A couple hours before Daniel Jones took part in the first full training camp of his NFL career, he stood in a corner of the Giants’ sprawling indoor field in front of about a dozen television cameras and 75 or so reporters – easily the largest media contingent in the league and an example of the intense scrutiny facing the 22-year-old rookie.
As if absorbing coach Pat Shurmur’s playbook and adjusting to the warp speed of NFL players after a career at Duke, where not even one of his teammates was drafted this year, wasn’t enough, Jones must do so in the biggest and arguably the most challenging market in pro sports.
It comes with the territory.
When you play in New York, you play in a spotlight so bright and so powerful that it often consumes athletes who aren’t wired for the pressure. Which is why Jones has thought long and hard about that part of the job. From a lower-echelon ACC team such as Duke to the bright lights of New York, the transition can be daunting.
“I’ve thought about it, and it’s part of the position, part of the role here,” Jones said Thursday. “I’m certainly accepting of that and willing to take that on.”
Jones has the advantage of learning from one of the best when it comes to dealing with the New York market. Outside of former Yankees legend Derek Jeter, there may be no better example of facing Big Apple scrutiny than Eli Manning, whose job one day will belong to Jones, the sixth overall pick.
“I’ve had a couple conversations with Eli about it,” Jones said. “He’s been helpful with that as someone who’s dealt with it very well for a long time. I think it’s part of the position, and it’s something that I’m certainly willing to accept.”
Handling the pressure that comes with competing in New York was very much on the mind of general manager Dave Gettleman in the weeks leading up to the draft, and he already felt that Jones would be able to deal with it. Even before Roger Goodell announced Jones as the Giants’ pick – to a chorus of boos among shocked fans packing the streets of Nashville.
“You will have adversity up here,” Gettleman said at his predraft news conference. “I don’t care how great a player you are. Everyone has adversity. You have to dig deep to see where they have had adversity. It is painful, but it is part of the evaluation.”
Jones’ adversity came from playing in a program that didn’t have the kind of talent to compete against ACC powerhouses such as Clemson and Virginia Tech. His receivers dropped dozens of catchable balls, and his offensive line provided mostly inadequate protection. But Gettleman and Shurmur felt Jones stood up to the pressure well enough and that he could succeed at the NFL level given adequate help the Giants can now provide.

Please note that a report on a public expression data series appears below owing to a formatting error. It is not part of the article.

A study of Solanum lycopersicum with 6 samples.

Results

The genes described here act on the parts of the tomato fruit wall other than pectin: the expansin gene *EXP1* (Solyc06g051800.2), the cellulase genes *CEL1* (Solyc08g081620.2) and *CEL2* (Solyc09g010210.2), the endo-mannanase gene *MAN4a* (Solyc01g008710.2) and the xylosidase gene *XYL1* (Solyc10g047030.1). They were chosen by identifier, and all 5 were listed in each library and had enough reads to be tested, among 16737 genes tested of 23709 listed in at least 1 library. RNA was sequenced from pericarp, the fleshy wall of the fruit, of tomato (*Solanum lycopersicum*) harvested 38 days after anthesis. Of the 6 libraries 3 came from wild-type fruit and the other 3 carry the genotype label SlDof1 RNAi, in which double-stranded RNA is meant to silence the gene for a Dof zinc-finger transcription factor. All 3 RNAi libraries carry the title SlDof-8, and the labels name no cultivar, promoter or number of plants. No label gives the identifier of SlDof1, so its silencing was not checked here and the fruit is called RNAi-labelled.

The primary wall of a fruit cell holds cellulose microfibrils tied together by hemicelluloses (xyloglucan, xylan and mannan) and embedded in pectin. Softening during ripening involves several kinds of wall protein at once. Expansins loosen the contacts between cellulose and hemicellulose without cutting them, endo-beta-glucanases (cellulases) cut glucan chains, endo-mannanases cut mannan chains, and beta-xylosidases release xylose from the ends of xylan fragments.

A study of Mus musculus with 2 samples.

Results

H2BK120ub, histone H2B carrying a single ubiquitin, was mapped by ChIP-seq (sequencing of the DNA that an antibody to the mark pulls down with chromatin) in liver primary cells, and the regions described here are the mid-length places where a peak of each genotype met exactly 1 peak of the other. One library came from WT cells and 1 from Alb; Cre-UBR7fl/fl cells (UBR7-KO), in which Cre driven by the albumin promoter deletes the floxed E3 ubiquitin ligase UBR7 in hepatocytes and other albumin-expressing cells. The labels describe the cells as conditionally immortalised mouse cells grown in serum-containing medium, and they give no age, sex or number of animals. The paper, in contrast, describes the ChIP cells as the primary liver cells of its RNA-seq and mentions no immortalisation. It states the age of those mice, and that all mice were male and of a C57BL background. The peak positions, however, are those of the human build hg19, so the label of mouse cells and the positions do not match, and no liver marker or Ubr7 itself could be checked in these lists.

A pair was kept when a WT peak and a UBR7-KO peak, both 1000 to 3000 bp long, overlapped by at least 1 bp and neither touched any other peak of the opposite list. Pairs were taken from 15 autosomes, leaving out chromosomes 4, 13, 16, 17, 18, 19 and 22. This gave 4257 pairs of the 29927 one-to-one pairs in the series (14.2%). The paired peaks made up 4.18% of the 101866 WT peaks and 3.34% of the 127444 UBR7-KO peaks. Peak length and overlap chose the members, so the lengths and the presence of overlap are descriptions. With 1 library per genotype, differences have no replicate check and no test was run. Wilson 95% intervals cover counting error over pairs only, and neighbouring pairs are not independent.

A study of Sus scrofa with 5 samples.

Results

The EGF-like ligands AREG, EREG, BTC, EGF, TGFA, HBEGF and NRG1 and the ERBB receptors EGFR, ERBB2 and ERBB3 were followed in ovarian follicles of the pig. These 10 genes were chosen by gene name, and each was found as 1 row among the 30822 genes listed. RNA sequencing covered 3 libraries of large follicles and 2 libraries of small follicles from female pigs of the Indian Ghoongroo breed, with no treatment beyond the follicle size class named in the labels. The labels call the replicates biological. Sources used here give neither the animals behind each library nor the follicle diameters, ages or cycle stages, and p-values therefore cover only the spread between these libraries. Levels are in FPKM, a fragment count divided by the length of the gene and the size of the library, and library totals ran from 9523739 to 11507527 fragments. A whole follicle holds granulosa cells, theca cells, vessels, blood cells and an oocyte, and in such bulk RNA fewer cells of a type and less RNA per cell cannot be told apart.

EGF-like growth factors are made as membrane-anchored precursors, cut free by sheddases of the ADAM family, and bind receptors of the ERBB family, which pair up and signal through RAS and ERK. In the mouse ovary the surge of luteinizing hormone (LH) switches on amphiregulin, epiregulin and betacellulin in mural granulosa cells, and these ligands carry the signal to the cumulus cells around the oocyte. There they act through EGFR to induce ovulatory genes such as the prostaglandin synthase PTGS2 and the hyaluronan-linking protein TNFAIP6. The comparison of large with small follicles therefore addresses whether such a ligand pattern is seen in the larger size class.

There is a long way to go for Jones, and Thursday was the next step in an arduous apprenticeship. It was an uneven step at that; Jones missed his first seven pass attempts in team drills, throwing an interception. But he recovered nicely and completed six of his next eight attempts.
For now, Jones must earn the respect of his teammates.
“First and foremost, it all starts on the practice field,” he said. “People [teammates] notice how you play, how you prepare, and how well you know your stuff.”
Shurmur said Jones has already exceeded expectations through the offseason, where he showed a solid grasp of the offense. But it is not time for him to be anointed over Manning. Only when it becomes obvious that a change needs to be made will Shurmur pull the trigger on one of the most consequential decisions of his tenure.
Jones doesn’t know when that moment will present itself, but credit him for deftly avoiding a controversial answer when a reporter asked if the quarterback could envision a best-case scenario for a transfer of power.
“I’m not sure I have,” Jones said. “Right now, we’re focused on this training camp, moving along with the team, moving along with the offense."
Best to keep it bland . . . just as Eli has done for most of his 16 seasons in New York.